Have you ever taken on additional shifts at work for some extra cash and then failed an exam because you didn’t study enough? Bought a phone for $0 to save money then only to end up stuck in a three-year contract? Signed up for a high-interest credit card without really reading the fine print because it meant immediate access to funds?
This may be how are brains are wired to operate, according to researchers who have been studying the cognitive mechanisms behind scarcity. They say when we’re under financial stress and focused on solving a problem related to money, our brains tend to tune out other information and hinder our ability to do unrelated tasks. And it may explain why some people who are living in poverty can’t seem to get themselves out of it.
About 4.8 million Canadians, including 1.2 million children, live below the poverty line, according to the latest numbers from Statistics Canada. But behavioural science researchers say lifting people out of the cycle of poverty is not as impossible as we may think, if policy-makers are willing to grasp that the stress of scarcity can alter how you think and react to simple tasks .
“Let’s say you’re short on income or you’re thinking about financial trouble or a cost that you have to pay, your performance on other irrelevant cognitive tasks suffer, so it’s kind of like a trade-off,” Jiaying Zhao, a professor of psychology at the University of British Columbia who has been studying the scarcity mindset, told VICE Money. “As you focus on one thing, your performance on other things suffers.”
According to Zhao, financial stress challenges the cognitive system — budgeting with a limited amount of money, for example, makes you so focused on the problem at hand that you end up overlooking other useful information or forgetting to do things in the future that could help you with your money problems.
In a recent study, Zhao and co-author Brandon Tomm asked participants to order food off a menu and randomly assigned them budgets of either $20 or $100. The menu also came with calorie information and the option of an 18-percent student discount, written at the bottom.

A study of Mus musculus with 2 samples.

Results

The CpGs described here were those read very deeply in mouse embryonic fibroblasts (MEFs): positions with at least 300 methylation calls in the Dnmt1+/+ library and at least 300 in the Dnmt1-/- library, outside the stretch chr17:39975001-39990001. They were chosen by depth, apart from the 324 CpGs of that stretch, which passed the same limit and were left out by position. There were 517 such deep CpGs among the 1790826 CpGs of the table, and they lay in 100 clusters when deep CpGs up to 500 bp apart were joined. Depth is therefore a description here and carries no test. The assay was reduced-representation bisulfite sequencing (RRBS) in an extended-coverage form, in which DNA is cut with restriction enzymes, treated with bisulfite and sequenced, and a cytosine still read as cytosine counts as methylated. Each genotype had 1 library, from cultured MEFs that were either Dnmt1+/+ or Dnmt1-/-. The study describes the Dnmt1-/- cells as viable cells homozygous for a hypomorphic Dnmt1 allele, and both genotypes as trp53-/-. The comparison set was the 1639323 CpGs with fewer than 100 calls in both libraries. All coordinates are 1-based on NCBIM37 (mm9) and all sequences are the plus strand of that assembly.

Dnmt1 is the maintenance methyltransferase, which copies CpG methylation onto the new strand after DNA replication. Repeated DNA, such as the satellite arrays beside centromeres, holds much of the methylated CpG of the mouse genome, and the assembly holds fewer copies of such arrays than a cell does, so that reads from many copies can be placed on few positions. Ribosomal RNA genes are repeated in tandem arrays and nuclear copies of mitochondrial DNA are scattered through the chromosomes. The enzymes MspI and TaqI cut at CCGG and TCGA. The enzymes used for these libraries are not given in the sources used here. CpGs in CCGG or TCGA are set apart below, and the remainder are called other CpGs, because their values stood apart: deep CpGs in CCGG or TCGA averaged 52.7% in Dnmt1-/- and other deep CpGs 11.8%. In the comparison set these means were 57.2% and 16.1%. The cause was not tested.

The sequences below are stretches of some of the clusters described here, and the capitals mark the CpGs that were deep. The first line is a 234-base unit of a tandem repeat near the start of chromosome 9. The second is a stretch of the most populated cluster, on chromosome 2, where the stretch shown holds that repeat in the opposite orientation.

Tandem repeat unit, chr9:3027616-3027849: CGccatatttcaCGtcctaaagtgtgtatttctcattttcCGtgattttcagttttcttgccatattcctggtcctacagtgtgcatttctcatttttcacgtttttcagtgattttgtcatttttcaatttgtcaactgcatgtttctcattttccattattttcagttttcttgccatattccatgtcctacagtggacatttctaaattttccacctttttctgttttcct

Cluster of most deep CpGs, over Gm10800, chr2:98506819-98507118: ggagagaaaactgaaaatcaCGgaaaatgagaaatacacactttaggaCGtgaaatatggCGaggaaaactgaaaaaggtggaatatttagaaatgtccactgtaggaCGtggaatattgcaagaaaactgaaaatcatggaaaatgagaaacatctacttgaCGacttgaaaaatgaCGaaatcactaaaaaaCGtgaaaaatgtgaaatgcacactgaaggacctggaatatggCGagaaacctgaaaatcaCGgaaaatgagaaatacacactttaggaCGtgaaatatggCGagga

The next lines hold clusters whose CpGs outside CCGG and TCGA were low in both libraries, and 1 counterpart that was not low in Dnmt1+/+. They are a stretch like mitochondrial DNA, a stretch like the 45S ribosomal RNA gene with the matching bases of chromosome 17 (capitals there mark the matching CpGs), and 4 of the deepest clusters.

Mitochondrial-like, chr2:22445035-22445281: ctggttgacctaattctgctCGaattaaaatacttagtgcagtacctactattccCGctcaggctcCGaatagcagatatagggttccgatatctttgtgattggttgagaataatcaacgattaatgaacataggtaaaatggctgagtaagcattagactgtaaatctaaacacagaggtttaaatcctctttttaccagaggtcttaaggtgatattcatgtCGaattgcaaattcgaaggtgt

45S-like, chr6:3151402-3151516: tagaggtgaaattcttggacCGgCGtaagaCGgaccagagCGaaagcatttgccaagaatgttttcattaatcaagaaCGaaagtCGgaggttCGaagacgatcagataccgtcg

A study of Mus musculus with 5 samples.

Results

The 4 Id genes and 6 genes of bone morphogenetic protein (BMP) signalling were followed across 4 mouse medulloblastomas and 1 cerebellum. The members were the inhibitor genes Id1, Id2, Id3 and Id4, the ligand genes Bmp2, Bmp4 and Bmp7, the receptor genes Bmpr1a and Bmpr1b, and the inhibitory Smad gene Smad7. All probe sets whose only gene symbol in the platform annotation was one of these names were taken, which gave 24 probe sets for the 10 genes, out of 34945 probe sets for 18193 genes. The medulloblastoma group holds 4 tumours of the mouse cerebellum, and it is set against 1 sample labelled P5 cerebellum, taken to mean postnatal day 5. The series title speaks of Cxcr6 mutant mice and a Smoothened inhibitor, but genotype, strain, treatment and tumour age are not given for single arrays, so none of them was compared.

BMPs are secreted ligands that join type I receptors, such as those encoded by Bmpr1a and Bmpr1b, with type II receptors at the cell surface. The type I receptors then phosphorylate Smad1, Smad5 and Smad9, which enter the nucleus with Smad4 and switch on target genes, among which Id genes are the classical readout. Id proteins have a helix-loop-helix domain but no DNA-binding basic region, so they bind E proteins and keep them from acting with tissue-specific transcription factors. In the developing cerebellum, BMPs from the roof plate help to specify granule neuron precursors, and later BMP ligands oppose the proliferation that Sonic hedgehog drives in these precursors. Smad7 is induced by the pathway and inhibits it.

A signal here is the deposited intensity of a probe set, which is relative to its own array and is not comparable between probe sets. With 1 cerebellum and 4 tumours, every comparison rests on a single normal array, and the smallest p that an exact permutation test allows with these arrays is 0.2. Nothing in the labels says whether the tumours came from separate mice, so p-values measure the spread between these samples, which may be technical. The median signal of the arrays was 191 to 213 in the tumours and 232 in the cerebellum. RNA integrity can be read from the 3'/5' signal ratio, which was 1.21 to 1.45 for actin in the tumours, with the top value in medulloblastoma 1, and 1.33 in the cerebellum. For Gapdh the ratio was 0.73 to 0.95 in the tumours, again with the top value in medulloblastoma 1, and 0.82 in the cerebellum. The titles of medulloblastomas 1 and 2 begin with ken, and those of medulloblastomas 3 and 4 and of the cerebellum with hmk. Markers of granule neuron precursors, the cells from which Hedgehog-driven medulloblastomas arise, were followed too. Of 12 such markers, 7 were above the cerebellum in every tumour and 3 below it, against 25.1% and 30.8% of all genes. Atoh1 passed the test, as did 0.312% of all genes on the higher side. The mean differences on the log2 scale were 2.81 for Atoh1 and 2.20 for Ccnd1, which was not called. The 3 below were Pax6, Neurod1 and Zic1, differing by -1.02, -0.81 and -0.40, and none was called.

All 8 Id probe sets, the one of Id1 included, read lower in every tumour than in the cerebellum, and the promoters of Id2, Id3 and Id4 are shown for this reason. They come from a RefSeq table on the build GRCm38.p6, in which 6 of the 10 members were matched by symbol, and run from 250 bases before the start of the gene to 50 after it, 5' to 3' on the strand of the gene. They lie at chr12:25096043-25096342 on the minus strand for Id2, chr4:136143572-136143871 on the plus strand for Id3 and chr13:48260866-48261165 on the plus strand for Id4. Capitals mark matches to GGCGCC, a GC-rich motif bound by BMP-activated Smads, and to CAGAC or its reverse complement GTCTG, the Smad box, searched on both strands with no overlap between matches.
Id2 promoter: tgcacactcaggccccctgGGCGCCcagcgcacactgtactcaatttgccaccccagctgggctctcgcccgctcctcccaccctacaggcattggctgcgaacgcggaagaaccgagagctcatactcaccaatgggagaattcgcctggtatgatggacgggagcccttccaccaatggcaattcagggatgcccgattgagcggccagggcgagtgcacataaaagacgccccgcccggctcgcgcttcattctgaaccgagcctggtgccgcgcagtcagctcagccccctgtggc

The researchers used eye tracking to measure attention, and found that with $20, participants zeroed in on prices.
“They didn’t even look at the dishes and calories, and they didn’t even look at the discount,” said Zhao. “They’re doing budgeting — pretty sophisticated math in their heads. And the rich are looking all over the place, and they look more at the discount… This irony of scarcity is is that you focus so heavily on prices, on budgets, that you actually neglect things that could help you.”
The study builds on a 2013 paper Zhao co-authored with renowned Harvard behavioural economist Sendhil Mullaithanan that produced similar results. That study also suggested that poor people end up spending so much energy figuring out how to pay their bills that they are left with less mental capacity to think about how to improve their overall condition in the long-run, leaving them stuck in their current financial situation or even making it worse.
In one of their studies, they approached 400 people at a mall and gave them two financial scenarios. One was easy and one was hard. While the participants contemplated the solution to the scenario, they were asked to take puzzle-based IQ tests and complete tasks that measured their attention. The researchers found that the ‘poorer’ participants — those whose household income was under $70,000 a year — performed worse on tests when they were given the harder scenario; their IQ was 13 points lower in this scenario than when they were thinking about the easy one. They had found, essentially, that thinking the financial stress of not having money reduced cognitive performance among poor people.
Experts say that when determining policies for poverty reduction, the government should seriously consider that the stress of being poor can actually perpetuate the cycle of poverty, because of our cognitive limitations.
Zhao has in fact given B.C.’s provincial government a list of recommendations, including simplifying forms, setting up reminders, and automating procedures and applications, for things like welfare, which currently requires filling out mountains of paperwork, a process that many people, especially the poor, eventually give up on.
To its credit, Employment and Social Development Canada has taken the research of these behavioural theorists into consideration. For example, the department uses nudges to increase interest in its employment search portal and sends email reminders to encourage people to finish their registration. In Ontario, the Behavioural Insights Unit — a pilot project by the Ontario government to improve services and outcomes — has worked on a number of different projects like license plate sticker renewals and organ donor registration.
“I think the myth or public perception of poverty is that the poor are poor because they screwed up, because they’re inherently incapable, they lack patience, they don’t have self-control,” Zhao said.
“But what we’re showing is that’s not true because just being poor itself, the context of scarcity, can make you perform worse. If we make things easier, if we alleviate these taxing procedures and burdens, then the people can prosper and get out of this poverty cycle.”